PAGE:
Ask a Question
Notify Me On Question Update
Email this Question
How long can I keep stored foods?
Rate This FAQ
Under cool, dry, dark conditions most food will keep well for 18 months to 2 years. Wheat and sugar will keep well for 25 years. Foods which have been canned correctly and stored correctly will be safe for much longer periods of time. However, as food ages there will naturally be changes in color, flavor, odor, and texture. Color will darken, texture will soften, and odor will change. Although the food may be safe it might not be palatable. If any of the following apply throw the food out:
· Food was processed improperly (untested canning recipe, no altitude changes, etc.) The jar may be sealed, but deadly microorganisms are sealed in the jar.
· Bulging cans
· Milky appearance to liquid. As food ages the liquid will become cloudier as food sloughs off, but it should not be milky.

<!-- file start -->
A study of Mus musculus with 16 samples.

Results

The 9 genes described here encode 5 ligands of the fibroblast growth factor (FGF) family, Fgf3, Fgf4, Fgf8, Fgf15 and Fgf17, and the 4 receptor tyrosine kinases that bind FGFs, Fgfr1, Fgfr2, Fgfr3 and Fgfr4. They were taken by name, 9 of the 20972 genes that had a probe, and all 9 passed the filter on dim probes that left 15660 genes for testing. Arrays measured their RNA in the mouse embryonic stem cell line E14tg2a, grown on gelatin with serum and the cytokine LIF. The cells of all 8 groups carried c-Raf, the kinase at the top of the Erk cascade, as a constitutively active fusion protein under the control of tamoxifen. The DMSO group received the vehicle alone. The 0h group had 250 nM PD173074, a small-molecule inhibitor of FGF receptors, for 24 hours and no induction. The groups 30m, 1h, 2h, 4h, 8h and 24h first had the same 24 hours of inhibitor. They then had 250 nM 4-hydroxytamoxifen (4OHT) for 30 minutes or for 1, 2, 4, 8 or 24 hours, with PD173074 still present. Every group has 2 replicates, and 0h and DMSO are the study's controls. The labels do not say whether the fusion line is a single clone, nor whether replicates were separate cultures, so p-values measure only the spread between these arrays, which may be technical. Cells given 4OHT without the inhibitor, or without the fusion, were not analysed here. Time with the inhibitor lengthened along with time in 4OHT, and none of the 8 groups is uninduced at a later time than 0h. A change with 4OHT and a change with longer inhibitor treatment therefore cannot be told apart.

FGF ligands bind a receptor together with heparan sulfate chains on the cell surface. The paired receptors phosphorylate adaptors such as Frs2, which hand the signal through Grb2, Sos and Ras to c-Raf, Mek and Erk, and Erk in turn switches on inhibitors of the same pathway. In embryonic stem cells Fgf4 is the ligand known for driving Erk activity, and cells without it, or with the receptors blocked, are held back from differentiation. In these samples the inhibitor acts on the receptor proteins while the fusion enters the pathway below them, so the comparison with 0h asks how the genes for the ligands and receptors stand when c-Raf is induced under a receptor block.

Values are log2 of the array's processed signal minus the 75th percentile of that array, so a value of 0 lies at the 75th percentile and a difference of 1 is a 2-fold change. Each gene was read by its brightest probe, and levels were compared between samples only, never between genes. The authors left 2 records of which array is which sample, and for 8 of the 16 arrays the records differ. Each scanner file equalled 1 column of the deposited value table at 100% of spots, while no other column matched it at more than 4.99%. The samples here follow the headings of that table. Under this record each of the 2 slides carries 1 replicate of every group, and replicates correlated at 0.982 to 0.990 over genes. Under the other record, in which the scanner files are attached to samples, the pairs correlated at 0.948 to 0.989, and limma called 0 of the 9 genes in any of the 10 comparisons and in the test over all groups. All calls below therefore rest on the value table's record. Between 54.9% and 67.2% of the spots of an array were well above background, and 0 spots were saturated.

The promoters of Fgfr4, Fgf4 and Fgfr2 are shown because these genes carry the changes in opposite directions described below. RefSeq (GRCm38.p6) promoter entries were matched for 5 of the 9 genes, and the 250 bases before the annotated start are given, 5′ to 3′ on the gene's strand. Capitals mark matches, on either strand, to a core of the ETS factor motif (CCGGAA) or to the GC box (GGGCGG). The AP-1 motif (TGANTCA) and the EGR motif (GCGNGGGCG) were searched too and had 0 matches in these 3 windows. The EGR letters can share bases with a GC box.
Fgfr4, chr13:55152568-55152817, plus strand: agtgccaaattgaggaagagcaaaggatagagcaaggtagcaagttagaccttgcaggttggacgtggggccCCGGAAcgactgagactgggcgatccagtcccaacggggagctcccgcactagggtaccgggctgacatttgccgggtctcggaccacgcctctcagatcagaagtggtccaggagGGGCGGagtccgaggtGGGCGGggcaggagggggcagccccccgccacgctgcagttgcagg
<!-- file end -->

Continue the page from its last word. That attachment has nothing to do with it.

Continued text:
· Mold growth
· Slimy appearance or texture
· Rancid odor
· Corrosion on inside of can, especially along seam
· Rust, especially on seam or seal of can
· Frozen canned goods - this can cause hairline fractures in the seal and seams. If accidentally frozen, keep frozen until ready to use.
Submit Your Suggestion
Other Questions In This Topic
- I have tried pressure canning chicken 4 times now. I've done 2 batches cooked chicken and 2 batches raw chicken. All 4 times most of the water cooked out of the jars. Is this supposed to happen and is the chicken safe for us to eat?
- What can I store water in?
- Can you tell me what the adult form is for the weevil that I find in my flour and pasta?
- How do I keep insects out of stored grain?
- Can I get my pressure cooker tested? When and where? Thanks for a great service! jh
- What protein content should my stored wheat have?
- Do I need to treat water before storing it?
- I grew up eating green beans which were pressure-canned at home. When my mother heated them for a meal, she brought them to a boil then removed the lid and let them boil for at least a minute with the lid off. She said this was necessary to be safe. Is it necessary or was that just something passed down from before pressure canning was available?